As 2018 draws to an end, UNO Insurance wants to recap the laws that changed for Phoenix, Arizona drivers. Avoiding traffic tickets and other offenses can help you save on car insurance! Read on to learn more about the changes affecting drivers. Many new Arizona state laws passed in 2018, and more are on the way. Recent changes include rules around driving under the influence, wrong way driving, using cell phones, driving permits, and even license plates!
In response to a growing number of wrong way driving instances, the Arizona State Legislature approved a 2018 bill to increase the penalties. HB 2243 passed in March, and includes increases in the 2019 Arizona state budget to monitor wrong way driving. Funds enhance the Wrong-Way Driver Night Watch, which is program to improve the response time to impaired and wrong-way drivers. The funds support thermal cameras on the freeways that help monitor wrong-way entrances.
The law increases fines and penalties for wrong-way drivers: Initial fees include a $500 fine and requirement to attend traffic survival school. HB 2243 also makes it a felony if a driver is caught driving the wrong-way under the influence. Drive safely and monitor the signs on the road, getting a wrong-way driving offense could greatly increase your costs and auto insurance rates.
Laws Prohibiting Cell Phone Usage for Teens
Laws that took effect in 2018 increased penalties for the use of cell phones by new, teen drivers. The legislature passed SB 1080, which bans the use of cell phones while driving for teens for the first six months after receiving their license. The laws are strict. In fact, the first offense will result in a $75 fine and drivers license restrictions for 30 days. The second offense is a $100 penalty with 60-day restrictions. The state is implementing the new laws in hopes of reducing crashes caused by distracted drivers using cell phones.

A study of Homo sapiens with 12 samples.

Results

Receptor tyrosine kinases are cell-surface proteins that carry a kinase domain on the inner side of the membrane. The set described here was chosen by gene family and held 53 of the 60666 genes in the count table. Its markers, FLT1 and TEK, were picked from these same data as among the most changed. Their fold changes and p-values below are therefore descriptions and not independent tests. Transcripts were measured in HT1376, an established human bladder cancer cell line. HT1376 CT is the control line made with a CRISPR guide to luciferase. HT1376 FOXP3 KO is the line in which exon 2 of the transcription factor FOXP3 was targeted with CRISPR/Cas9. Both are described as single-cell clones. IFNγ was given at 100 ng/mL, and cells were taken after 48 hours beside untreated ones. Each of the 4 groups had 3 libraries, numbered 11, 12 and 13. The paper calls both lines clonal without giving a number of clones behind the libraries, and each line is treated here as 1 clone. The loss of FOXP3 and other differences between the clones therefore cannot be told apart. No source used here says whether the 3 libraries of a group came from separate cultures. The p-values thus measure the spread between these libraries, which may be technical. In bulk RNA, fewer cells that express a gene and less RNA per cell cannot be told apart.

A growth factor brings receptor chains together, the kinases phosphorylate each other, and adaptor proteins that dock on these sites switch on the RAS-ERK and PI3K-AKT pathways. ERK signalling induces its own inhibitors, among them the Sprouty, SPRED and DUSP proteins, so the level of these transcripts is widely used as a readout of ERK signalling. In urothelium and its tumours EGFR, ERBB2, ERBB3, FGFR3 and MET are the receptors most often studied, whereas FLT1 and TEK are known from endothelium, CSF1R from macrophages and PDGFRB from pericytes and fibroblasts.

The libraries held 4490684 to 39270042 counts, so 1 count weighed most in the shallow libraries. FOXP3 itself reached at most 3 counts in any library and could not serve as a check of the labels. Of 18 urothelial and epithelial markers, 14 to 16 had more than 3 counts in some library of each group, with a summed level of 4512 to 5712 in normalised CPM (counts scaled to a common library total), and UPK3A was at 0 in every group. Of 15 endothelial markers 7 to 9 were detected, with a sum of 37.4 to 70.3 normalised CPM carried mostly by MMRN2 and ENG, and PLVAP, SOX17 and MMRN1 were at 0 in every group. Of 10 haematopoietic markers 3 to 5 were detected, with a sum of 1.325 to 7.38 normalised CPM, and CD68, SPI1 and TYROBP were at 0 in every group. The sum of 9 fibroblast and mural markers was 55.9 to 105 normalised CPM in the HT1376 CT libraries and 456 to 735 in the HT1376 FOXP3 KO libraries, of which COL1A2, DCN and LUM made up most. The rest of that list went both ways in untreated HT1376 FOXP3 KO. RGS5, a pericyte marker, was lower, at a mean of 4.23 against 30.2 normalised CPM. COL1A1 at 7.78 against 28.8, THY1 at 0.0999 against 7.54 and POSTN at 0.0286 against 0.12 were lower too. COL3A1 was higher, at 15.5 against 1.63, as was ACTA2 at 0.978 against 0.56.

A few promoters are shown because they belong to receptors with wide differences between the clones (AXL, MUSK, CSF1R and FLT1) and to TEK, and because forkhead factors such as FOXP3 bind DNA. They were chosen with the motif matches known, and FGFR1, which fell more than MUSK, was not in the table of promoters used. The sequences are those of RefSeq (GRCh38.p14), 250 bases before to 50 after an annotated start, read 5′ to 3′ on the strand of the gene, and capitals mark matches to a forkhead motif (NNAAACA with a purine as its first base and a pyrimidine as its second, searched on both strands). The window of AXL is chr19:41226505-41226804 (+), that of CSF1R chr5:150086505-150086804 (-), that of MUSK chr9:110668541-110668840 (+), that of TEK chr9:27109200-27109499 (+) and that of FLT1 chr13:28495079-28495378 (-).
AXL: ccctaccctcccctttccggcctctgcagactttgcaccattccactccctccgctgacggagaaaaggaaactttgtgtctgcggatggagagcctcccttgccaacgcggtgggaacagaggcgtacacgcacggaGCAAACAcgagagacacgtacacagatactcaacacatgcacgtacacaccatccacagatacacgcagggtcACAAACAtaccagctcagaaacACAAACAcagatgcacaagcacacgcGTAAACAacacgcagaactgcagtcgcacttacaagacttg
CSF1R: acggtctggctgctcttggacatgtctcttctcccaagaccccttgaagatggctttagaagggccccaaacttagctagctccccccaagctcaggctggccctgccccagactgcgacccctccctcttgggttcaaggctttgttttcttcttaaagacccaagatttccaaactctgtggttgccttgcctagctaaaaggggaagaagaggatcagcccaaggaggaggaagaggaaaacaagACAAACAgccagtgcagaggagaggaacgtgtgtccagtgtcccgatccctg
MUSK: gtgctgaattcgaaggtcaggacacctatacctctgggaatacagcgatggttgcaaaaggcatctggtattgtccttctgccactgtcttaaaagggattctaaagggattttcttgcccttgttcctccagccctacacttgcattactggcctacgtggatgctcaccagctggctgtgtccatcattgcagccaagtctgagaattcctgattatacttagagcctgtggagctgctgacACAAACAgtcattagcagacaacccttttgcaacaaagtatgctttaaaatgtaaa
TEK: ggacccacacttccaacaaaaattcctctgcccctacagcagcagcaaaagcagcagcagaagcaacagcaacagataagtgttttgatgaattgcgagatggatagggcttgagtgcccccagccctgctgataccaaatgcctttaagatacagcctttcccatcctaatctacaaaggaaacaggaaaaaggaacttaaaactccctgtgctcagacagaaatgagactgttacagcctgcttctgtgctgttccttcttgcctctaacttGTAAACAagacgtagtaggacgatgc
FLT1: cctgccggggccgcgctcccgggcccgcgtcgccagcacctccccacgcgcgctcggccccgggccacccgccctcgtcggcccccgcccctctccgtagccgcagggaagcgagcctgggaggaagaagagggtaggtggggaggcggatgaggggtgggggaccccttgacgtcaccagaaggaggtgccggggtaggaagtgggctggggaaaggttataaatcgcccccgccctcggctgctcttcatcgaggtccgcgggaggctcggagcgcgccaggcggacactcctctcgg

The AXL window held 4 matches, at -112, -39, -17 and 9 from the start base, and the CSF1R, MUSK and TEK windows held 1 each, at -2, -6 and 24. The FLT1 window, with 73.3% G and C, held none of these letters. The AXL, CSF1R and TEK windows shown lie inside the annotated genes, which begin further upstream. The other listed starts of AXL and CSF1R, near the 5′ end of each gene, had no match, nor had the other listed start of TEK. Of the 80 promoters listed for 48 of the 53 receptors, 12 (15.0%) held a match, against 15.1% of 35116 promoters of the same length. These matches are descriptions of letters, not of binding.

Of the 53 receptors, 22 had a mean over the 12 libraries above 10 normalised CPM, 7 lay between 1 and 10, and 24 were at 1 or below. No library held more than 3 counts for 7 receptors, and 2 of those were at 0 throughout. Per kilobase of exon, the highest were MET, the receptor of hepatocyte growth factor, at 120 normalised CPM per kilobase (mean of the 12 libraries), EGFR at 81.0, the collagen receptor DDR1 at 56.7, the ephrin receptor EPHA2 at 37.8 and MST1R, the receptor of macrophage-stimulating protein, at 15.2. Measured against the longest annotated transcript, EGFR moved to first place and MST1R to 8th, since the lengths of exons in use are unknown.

Covering License Plates Banned
Surprisingly, it took many years to pass a law that restricts covering your license plate. The law even bans use of specific coating substances on your plates. All plate numbers, tabs, years, and jurisdiction information must be visible. The first offense will earn you a $30 fine. A second offense increases the fine to $100 if repeated in 12 months.
Other Driving Law Changes
There were many new laws passed in Arizona taking effect in 2018, and we will update you next year on even more changes. The laws include the following:
- Increases to penalties if you cause an accident that kills or injures others and you do not have insurance;
- Additional fees on traffic tickets to pay for equipment and training for police; and
- Requirements to have photos for traffic ticket citations sent by private monitoring companies be reviewed first by a law enforcement officer.
UNO Insurance in Phoenix, AZ is here to help you save on auto insurance. You can help yourself save by staying current on the driving laws and avoiding future tickets!